A country full of sun, sea and surprises
With a sunny climate, some spellbinding scenery and a well-developed infrastructure, Spain is right up there with the best when it comes to a cycling or walking holiday.
Spain is a large country with a vast range of possibilities for both activities. Much of it is sparsely populated, with quiet backroads and trails winding through captivating scenery. Up on the Castilian meseta or the Andalucian sierras, the vineyards of Rioja or the wilds of Galicia, the majestic landscapes are best enjoyed at a leisurely pace.
For cycling, the usual format of a Spanish touring holiday involves pedalling between pre-selected hotels with your luggage transported ahead of you by road. The majority of trips are self-guided: you head off at your own pace and, armed with detailed maps and notes describing the route and the points of interest along it, make your own way to the next night’s accommodation.
Almost anywhere in Spain away from the busiest coastal strips is suitable for cycle touring. One of the most popular locations is Mallorca, with the island much larger than many people realise and it attracts a whole host of professional teams for their winter training camps and then thousands of amateur cyclists in spring and late summer. Catalonia and the Costa Brava is another popular region. Elsewhere, various companies offer tours taking in parts of the central meseta plateau – around Segovia (north of Madrid), or the Caceres area in the wide-open spaces of Extremedura. Further south there are endless options in Andalucia, from winter rides around the warm Mediterranean coast, to challenging sierras and idyllic white towns in the hills.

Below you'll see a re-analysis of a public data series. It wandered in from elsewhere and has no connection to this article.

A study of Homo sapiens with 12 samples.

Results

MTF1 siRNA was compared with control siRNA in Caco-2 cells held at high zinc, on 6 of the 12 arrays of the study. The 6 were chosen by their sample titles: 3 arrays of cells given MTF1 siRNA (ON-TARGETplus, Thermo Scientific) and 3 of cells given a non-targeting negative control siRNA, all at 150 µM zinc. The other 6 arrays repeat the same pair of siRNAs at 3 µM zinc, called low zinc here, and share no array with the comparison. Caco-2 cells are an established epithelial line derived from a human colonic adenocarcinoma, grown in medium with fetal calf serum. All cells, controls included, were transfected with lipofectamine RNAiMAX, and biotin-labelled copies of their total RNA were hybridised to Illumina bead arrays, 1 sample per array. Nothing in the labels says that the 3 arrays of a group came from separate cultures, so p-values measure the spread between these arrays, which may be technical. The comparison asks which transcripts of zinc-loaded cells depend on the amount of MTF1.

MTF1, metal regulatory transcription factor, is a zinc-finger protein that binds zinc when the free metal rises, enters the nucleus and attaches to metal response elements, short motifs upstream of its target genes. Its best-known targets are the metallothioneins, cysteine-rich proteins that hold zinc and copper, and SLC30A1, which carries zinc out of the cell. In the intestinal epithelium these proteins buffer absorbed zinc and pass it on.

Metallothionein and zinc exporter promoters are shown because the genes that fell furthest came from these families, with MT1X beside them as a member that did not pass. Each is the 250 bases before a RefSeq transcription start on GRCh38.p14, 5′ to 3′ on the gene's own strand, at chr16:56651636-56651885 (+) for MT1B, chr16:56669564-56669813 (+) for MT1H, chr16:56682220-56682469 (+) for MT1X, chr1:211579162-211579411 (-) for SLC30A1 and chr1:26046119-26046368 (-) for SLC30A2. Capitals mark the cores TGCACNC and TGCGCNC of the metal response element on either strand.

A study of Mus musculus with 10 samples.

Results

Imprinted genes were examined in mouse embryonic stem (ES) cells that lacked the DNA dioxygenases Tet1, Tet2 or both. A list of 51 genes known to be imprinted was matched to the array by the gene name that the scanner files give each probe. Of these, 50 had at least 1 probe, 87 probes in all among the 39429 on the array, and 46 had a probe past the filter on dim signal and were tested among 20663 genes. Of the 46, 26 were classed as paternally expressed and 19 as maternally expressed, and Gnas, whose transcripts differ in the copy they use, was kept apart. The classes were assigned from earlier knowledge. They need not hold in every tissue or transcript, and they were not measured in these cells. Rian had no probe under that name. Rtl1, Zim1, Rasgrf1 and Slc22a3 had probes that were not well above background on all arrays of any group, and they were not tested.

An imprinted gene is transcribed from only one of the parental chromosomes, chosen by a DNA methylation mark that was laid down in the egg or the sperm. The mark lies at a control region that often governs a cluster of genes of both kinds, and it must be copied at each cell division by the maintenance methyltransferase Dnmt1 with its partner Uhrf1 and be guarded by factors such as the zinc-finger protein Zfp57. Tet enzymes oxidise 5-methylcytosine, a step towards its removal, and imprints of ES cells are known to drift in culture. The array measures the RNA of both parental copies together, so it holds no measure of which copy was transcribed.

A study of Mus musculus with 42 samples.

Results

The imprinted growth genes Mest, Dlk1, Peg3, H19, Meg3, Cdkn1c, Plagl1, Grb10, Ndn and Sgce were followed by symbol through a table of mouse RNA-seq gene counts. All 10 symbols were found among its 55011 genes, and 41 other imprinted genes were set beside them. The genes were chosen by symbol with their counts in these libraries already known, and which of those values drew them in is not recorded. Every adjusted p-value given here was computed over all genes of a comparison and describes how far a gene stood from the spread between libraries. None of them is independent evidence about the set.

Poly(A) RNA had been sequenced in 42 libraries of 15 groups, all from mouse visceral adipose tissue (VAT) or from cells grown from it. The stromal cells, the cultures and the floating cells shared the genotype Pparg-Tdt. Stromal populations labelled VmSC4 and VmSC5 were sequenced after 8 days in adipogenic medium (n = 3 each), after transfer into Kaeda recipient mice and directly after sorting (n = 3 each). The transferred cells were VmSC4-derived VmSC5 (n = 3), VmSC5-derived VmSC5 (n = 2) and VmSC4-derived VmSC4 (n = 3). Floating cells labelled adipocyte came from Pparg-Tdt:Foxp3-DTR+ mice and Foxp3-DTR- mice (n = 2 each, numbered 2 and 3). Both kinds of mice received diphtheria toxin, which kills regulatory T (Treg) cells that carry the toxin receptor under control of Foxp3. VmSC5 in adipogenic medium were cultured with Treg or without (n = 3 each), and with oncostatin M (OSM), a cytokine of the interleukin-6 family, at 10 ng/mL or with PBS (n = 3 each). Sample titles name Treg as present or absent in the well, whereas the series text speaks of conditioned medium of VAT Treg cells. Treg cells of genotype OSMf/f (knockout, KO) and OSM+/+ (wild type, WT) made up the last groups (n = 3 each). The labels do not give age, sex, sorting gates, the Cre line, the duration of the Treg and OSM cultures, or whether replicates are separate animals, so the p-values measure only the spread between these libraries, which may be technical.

It’s a similar story for walkers, with hikes through some of Europe’s most stunning highland scenery, dramatic coastal routes high above the blue Mediterranean, and the majestic landscapes of Andalucia and Castile.
Some holidays cater to a specialist interest – birdwatching, Moorish architecture or local gastronomy, for example, and donkey transport is an option in certain areas. Others are timed to coincide with a festival such as New Year or Easter festivities.
Most of the walks are undemanding, covering short distances and lasting for five to eight days – but there are a few longer and more challenging itineraries on offer, and some of the high mountain walks are demanding. Paths are usually well maintained and well marked: in some areas you’ll often be following drovers’ trails.
Perhaps the most popular region for ramblers is Andalucia in the south, with a range of appealing itineraries: there are rambles through the little-known sierras north of Seville, hikes through the string of white villages perched high above the Costa del Sol, rugged trails across the majestic Sierra Nevada and the desert landscape around Almeria – the last familiar to anyone who has watched a Holllywood spaghetti Western. Further up the coast there are numerous walks in the hills above Alicante and Murcia.
In the north of Spain, the Costa Brava and the craggy mountain trails of the Pyrenees and Picos de Europa provide the main focus, but for a different experience consider the northwestern provinces of Asturias and Galicia: this is the green Spain, where gorse-covered hills look down on narrow Atlantic inlets and tiny fishing villages. And then there is Castile, the vast interior – a sparsely populated, big-sky country where broad vistas are punctuated by forested sierras rich in wildlife.
As with cycling, Mallorca offers some fabulous walking, with high mountains towering over an aquamarine sea, while neighbouring Menorca is an attractive and less-visited alternative. Far to the southwest and basking in year-round warmth, the Canaries encompass a surprising diversity of landscapes.